Kings County Family Court Judge, Ann Elizabeth O’Shea, has issued one of the more important family court decisions to be issued in a long time. The decision was made on May 31 but not released to the public until yesterday. The fifteen page decision dismissed a neglect petition by New York City’s Administration for Children’s Services (ACS) which had removed a child from his parents’ custody two days after birth and sought to declare both mother and father negligent for marijuana use. In at least one instance, Judge O’Shea made a decision on an issue which has never been decided by a judge before.
ACS attempted to prove neglect by the mother on three grounds:
1. Use of marijuana during pregnancy.
2. Failure to Comply With A Prior Order of Disposition.
3. Derivative neglect.
While the mother tested positive for marijuana use and admitted to using it during pregnancy, her baby tested negative and was born healthy.
Citing the Family Court Act, Judge O’Shea said a neglected child is defined “in pertinent part as a child under the age of 18 “(i) whose physical, mental or emotional condition has been impaired or is in imminent danger of becoming impaired as a result of the failure of his parent . . . to exercise a minimum degree of care . . . (B) in providing the child with proper supervision or guardianship by . . . misusing a drug or drugs.. . .”
O’Shea said that in order for the child to be neglected ACS had to prove by a preponderance of the evidence “not only that the Mother misused a drug or drugs, which is not in dispute, but also that William’s physical, mental or emotional condition was impaired or placed in imminent danger of becoming impaired as a result of the Mother’s drug use.” ACS failed to do that.
Judge O’Shea also said that there was no evidence that the father had used marijuana in the child’s presence, then went on to say, “Furthermore, since Petitioner failed to prove that the Mother’s use of marijuana impaired William or placed him in imminent risk of impairment, its allegations that the Father neglected William by misusing marijuana or by failing to stop the Mother from smoking marijuana must, a fortiori, fail.”
The judge then went on to deal with the remaining two issues used to charge the mother with neglect. The judge dismissed the neglect petition based upon the mother’s alleged failure to comply with a prior order of disposition by stating that even though the mother had failed to meet all of the requirements of the order of disposition such as drug-treatment, anger-management, parenting-skills training, etc., by stating “…the response to such failure must be tempered by some consideration of the reasons for the noncompliance. When appropriate, a recalibration of the service plan to ease compliance may be appropriate. In some circumstances, the noncompliance may justify a finding of contempt (FCA § 156). However, unless there is evidence that a failure to comply with an order of disposition resulted in injury to the child or placed him in imminent danger of injury, a finding of neglect based solely on the noncompliance is not warranted.” The mother had explained the hardships of meeting the mandates while going through a difficult pregnancy.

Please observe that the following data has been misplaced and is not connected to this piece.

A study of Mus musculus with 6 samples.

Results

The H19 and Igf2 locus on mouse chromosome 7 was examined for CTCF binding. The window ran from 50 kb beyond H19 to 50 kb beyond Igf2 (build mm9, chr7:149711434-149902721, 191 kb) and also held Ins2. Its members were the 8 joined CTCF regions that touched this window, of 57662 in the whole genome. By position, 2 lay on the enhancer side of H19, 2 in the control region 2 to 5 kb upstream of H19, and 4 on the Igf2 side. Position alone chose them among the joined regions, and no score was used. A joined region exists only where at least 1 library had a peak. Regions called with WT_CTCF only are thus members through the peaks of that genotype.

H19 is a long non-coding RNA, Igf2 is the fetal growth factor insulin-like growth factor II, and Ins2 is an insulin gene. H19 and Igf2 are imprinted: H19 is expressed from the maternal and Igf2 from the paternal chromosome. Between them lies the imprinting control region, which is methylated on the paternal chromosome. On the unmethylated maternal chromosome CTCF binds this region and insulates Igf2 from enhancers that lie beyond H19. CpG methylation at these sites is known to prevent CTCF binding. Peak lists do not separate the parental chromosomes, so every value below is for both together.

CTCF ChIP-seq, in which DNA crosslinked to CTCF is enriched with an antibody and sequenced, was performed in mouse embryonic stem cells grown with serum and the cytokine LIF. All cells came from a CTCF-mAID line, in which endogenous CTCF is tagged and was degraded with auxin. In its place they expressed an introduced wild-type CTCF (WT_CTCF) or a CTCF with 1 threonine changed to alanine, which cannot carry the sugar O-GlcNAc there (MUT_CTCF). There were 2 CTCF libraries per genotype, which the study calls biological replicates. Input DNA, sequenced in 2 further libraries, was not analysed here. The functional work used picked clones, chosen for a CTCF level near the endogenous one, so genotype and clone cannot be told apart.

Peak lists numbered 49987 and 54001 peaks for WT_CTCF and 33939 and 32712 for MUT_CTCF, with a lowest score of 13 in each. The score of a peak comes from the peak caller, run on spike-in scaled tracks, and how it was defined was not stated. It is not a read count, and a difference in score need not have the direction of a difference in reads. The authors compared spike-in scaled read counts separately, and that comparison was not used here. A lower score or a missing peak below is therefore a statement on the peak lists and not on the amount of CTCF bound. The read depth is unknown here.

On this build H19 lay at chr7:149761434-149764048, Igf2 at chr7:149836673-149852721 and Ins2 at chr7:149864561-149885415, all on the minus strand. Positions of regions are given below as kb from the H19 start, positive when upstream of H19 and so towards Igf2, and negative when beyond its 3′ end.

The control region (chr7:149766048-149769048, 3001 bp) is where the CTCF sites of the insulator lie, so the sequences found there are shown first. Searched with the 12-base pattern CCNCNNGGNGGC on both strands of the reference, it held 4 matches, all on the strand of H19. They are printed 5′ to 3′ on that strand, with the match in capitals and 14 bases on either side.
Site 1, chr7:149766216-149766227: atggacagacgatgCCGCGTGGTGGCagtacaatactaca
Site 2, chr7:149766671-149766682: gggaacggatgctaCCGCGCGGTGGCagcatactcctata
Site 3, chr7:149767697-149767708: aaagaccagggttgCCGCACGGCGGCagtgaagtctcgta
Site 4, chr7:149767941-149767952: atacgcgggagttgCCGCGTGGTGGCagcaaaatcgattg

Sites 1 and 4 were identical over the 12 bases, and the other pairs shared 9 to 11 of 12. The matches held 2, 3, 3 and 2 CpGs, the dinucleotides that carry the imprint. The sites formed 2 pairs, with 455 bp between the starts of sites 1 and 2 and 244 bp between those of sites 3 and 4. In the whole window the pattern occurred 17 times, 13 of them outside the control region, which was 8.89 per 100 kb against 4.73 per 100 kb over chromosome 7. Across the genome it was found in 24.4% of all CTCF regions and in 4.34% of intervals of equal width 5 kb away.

The judge then stated that “The petition did not allege and there was no evidence to prove that William suffered any injury or was placed in imminent danger of injury because the Mother did not comply with the order of disposition in [the other child’s] case. For these reasons, the allegation that [the baby] was a neglected child as a result of the Mother’s failure to comply with that order fails.”
ACS had claimed that the mother had derivatively neglected her newborn because she had consented to a neglect finding in a petition concerning another child. Judge O’Shea, however, explains in her decision that consent is not the same as admission of guilt. Consenting to a petition is akin to pleading nolo contendre (no contest) in a criminal court. Admission is akin to pleading guilty in a criminal court. She then stated, “Unlike a guilty plea, a nolo contendere plea is not admissible as evidence of guilt or wrongdoing in any subsequent litigation (4 Wigmore §1066 (4), at 58 (3d ed. 1940, Supp. 1970).” Therefore, a consent agreement in family court cannot be used to establish neglect in a subsequent case.
Judge O’Shea concluded by saying, “More fundamentally, in both criminal cases and Article 10 proceedings, it would appear to be a violation of basic due process principles to permit facts which have never been proved or admitted in one case to be used as evidence of guilt in a subsequent case. Certainly, such consents cannot constitute “proof” required by FCA §1051(a)(i).”
The entire decision can be read here.